NOME, Alaska (AP) — In a year marked by injuries and dangerous conditions, the final stages of the Iditarod Trail Sled Dog Race were coming down to either a record-tying number of wins or the first woman to claim victory in 24 years.
One of those appeared to be the likely outcome of this year's nearly 1,000-mile race across Alaska, as the first two mushers arrived at the second-to-last checkpoint Monday morning. They were Jeff King, 58, and Aliy Zirkle, 44, both of Alaska.
King, a four-time champion, is attempting to become the race's second five-time winner. He arrived at 7:02 a.m. at the White Mountain checkpoint, 77 miles from the finish line in Nome, and left at 3:02 p.m. AKST, fulfilling exactly the eight-hour rest requirement there.
Zirkle, 44, who has finished second in the last two Iditarods, arrived at 7:59 a.m. She began the chase for King on the Bering Sea ice when she left the checkpoint at 4 p.m.
A winner could reach the finish line as soon as early Tuesday, with mushers on what appears to be a record pace despite poor trail conditions.
Not to be counted out just yet is 2012 champion Dallas Seavey, who was running third and pulled into White Mountain at 9:48 a.m.
King and Zirkle have been leap-frogging each other in the latter portion of the race.
"We were flying through there," King told the Iditarod website following Sunday's run between the checkpoints in Elim and Koyuk.
"I really thought I would open up a big space between me and Aliy," he said. But he quickly added that, as he has done before, "I have underestimated the speed of her team and what she can get out of it."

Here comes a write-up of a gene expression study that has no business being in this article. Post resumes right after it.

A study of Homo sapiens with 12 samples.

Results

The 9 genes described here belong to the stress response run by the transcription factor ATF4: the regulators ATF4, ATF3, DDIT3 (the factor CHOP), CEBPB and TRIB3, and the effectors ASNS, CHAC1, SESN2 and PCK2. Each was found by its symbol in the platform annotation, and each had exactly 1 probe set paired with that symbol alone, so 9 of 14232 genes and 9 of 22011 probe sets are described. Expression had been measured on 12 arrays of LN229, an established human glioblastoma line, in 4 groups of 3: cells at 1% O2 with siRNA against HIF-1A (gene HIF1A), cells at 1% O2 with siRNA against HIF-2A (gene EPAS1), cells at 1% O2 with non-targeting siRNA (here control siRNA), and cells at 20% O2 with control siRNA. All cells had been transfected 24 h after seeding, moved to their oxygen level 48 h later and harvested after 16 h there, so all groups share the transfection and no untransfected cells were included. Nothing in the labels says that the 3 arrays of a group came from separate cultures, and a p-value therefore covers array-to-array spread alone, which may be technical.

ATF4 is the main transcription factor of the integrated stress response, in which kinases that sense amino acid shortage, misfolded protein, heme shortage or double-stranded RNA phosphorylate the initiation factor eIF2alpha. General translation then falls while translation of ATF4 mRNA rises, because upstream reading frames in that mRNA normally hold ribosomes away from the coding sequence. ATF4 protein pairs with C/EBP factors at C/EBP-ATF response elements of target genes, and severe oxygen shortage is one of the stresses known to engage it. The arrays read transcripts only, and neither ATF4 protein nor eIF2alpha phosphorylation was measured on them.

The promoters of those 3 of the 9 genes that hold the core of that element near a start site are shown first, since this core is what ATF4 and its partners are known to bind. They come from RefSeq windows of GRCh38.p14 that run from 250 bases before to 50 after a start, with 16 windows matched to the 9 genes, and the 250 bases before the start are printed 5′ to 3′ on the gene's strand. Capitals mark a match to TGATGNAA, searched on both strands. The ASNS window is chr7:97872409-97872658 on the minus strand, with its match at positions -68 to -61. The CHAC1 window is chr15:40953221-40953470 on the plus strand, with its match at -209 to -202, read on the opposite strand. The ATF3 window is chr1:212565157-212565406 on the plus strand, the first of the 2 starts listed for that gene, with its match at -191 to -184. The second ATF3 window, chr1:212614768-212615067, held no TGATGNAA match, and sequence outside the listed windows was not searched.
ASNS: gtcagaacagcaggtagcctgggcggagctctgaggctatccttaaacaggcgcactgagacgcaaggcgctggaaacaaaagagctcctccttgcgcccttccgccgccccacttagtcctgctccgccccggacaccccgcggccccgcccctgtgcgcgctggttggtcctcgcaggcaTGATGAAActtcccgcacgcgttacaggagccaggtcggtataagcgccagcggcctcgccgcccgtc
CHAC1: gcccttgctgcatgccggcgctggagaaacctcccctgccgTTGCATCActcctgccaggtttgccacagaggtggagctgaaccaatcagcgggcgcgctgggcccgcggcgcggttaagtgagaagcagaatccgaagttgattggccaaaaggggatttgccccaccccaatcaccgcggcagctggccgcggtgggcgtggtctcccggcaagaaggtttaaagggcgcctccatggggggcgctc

He believed he was far ahead of her, but then saw her headlamp near the village of Golovin.
Zirkle remained optimistic, telling the website: "I know I have a lot fans rooting for me. Believe me, I am trying."
The last woman to win the race was four-time champion Susan Butcher in 1990. Libby Riddles was the first female winner, taking the crown in 1985.
King won the Iditarod in 1993, 1996, 1998 and 2006. Rick Swenson, of Two Rivers, is the race's only five-time champion. If King wins, he'll also become the Iditarod's oldest champion. That record is held by Mitch Seavey, who was 53 when he won last year. Mitch Seavey was running in fifth place Monday.
The trail this year has been marked by poor conditions because of a lack of snow after a warm winter by Alaska standards.